Wednesday, September 27, 2017

Wednesday Morning Links

Miscellaneous material for your mid-week reading.

- Stephanie Blankenburg and Richard Kozul-Wright comment on the rise of rent-seeking as a driver of stagnation and inequality. And George Monbiot argues that we shouldn't let our common wealth be used for the sole benefit of a privileged few:
A true commons is managed not for the accumulation of capital or profit, but for the steady production of prosperity or wellbeing. It belongs to a particular group, who might live in or beside it, or who created and sustain it. It is inalienable, which means that it should not be sold or given away. Where it is based on a living resource, such as a forest or a coral reef, the commoners have an interest in its long-term protection, rather than the short-term gain that could be made from its destruction.

The commons have been attacked by both state power and capitalism for centuries. Resources that no one invented or created, or that a large number of people created together, are stolen by those who sniff an opportunity for profit. The saying, attributed to Balzac, that “behind every great fortune lies a great crime” is generally true. “Business acumen” often amounts to discovering novel ways of grabbing other people’s work and assets.
Enclosure creates inequality. It produces a rentier economy: those who capture essential resources force everyone else to pay for access. It shatters communities and alienates people from their labour and their surroundings. The ecosystems commoners sustained are liquidated for cash. Inequality, rent, atomisation, alienation, environmental destruction: the loss of the commons has caused or exacerbated many of the afflictions of our age.
I’m not proposing we abandon either market or state, but that we balance them by defending and expanding the two neglected sectors. I believe there should be wages for carers, through which the state and private enterprise repay part of the subsidy they receive. And communities should be allowed to take back control of resources on which their prosperity depends. For example, anyone who owns valuable land should pay a local community land contribution (a form of land value tax): compensation for the wealth created by others. Part of this can be harvested by local and national government, to pay for services and to distribute money from richer communities to poorer ones. But the residue should belong to a commons trust formed by the local community. One use to which this money might be put it is to buy back land, creating a genuine commons and regaining and sharing the revenue...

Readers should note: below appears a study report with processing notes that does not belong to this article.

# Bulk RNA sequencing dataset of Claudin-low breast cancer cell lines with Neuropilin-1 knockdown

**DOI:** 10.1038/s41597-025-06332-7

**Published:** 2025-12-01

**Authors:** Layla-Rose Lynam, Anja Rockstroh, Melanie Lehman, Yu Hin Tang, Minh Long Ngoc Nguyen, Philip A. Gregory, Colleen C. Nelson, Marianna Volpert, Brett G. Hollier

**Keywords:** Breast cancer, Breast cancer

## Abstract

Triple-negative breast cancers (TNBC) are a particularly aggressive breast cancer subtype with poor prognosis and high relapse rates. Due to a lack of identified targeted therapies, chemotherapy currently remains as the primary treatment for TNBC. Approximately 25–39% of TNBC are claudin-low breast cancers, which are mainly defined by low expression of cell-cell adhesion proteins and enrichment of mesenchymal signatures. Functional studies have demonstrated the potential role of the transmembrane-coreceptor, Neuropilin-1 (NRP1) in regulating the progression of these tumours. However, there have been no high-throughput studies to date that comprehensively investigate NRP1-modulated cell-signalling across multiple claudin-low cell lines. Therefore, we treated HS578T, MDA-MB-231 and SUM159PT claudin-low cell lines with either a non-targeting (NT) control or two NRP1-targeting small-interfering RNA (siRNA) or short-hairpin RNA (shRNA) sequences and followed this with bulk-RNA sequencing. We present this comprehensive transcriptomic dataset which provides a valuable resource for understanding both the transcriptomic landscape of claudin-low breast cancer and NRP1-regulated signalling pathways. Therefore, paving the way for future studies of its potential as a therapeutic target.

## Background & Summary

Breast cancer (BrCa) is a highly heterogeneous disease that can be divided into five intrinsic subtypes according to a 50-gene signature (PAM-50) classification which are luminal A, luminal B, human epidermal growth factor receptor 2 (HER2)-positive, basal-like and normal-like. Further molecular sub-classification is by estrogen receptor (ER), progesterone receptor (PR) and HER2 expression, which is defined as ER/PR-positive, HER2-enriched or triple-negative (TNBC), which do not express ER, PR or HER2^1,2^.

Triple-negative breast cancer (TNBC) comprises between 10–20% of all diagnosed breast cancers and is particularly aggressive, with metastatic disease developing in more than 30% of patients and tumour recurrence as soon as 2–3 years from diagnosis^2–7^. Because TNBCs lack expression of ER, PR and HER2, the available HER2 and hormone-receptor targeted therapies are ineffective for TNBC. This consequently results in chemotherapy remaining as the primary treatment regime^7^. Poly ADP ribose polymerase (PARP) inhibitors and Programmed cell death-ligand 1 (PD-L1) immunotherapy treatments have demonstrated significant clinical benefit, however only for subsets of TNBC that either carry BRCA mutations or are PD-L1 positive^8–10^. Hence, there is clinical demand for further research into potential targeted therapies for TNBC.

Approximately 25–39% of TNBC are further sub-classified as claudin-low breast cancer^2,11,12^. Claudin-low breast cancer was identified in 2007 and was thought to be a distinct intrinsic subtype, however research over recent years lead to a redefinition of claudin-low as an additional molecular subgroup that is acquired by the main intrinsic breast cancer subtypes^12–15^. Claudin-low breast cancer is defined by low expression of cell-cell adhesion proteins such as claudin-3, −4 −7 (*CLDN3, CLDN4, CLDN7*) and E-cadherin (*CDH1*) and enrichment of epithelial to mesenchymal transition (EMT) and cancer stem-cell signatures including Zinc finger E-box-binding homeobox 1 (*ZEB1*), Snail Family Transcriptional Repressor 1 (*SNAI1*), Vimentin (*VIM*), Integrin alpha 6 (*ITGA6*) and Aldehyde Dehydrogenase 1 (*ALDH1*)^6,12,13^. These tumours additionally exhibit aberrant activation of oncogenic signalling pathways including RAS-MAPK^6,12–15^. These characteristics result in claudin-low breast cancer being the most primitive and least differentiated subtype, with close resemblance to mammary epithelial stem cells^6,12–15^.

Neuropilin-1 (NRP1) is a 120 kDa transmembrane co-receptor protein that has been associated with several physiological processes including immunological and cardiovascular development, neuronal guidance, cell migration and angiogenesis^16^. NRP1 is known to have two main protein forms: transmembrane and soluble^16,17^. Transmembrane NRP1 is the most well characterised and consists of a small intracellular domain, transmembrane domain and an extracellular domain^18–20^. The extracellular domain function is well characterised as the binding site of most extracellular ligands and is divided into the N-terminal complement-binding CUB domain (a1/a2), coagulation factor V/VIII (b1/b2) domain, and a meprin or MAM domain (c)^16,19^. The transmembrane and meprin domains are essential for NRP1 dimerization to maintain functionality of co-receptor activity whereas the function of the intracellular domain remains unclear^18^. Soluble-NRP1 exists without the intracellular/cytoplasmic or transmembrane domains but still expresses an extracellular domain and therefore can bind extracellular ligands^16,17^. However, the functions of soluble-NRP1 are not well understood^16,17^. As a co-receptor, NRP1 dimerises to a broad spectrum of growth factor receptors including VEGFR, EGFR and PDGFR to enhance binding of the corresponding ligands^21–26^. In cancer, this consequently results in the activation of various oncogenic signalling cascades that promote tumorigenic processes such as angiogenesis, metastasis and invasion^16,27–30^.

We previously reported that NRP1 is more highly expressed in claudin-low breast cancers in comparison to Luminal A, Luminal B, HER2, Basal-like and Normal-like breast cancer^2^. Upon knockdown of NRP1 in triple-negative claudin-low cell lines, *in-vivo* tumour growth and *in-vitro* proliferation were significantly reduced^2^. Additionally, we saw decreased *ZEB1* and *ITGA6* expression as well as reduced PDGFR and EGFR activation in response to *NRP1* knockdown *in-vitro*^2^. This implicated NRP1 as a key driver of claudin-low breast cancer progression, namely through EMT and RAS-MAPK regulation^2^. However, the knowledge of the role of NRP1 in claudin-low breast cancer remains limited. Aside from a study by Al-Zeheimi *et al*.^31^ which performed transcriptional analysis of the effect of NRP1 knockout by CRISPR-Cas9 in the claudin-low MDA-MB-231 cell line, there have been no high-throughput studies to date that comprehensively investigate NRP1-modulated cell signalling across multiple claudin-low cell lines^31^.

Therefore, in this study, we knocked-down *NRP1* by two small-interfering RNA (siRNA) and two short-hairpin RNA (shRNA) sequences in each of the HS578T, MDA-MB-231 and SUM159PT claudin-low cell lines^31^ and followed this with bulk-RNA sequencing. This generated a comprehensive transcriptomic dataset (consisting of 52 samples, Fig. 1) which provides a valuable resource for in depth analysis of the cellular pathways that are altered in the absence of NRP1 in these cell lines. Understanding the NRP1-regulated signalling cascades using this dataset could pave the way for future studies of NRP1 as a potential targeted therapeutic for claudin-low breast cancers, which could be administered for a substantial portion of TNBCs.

A commons, unlike state spending, obliges people to work together, to sustain their resources and decide how the income should be used. It gives community life a clear focus. It depends on democracy in its truest form. It destroys inequality. It provides an incentive to protect the living world. It creates, in sum, a politics of belonging
- Meanwhile, Jim Stanford examines the impact of public-sector austerity, and finds that wage cuts for public servants lead to both wage suppression in all sectors, and overall economic stagnation.

- David Macdonald studies (PDF) the effects of income splitting in private corporations, and finds that 0.3% of Canadian households use a tax loophole whose gains go disproportionately to people making over $200,000 per year.

- Colleen Fuller discusses how the corporate sector has taken over Canada's health care system - particularly in British Columbia and other provinces which have been eager to sell off health provision to big business.

- Jenny Uechi reports that the response of corporate titans to the revelations as to how they pulled the strings in Christy Clark's B.C. Lib government is to claim that's how things should be. Meanwhile, Ross Marowits reports that the Trudeau Liberals are going along with SNC-Lavalin's self-serving plan to make sure that corporate criminality doesn't lead to meaningful consequences.

- Finally, Michael Geist writes that Bell is lobbying to turn NAFTA into a mechanism to attack consumers in the name of extreme copyright enforcement.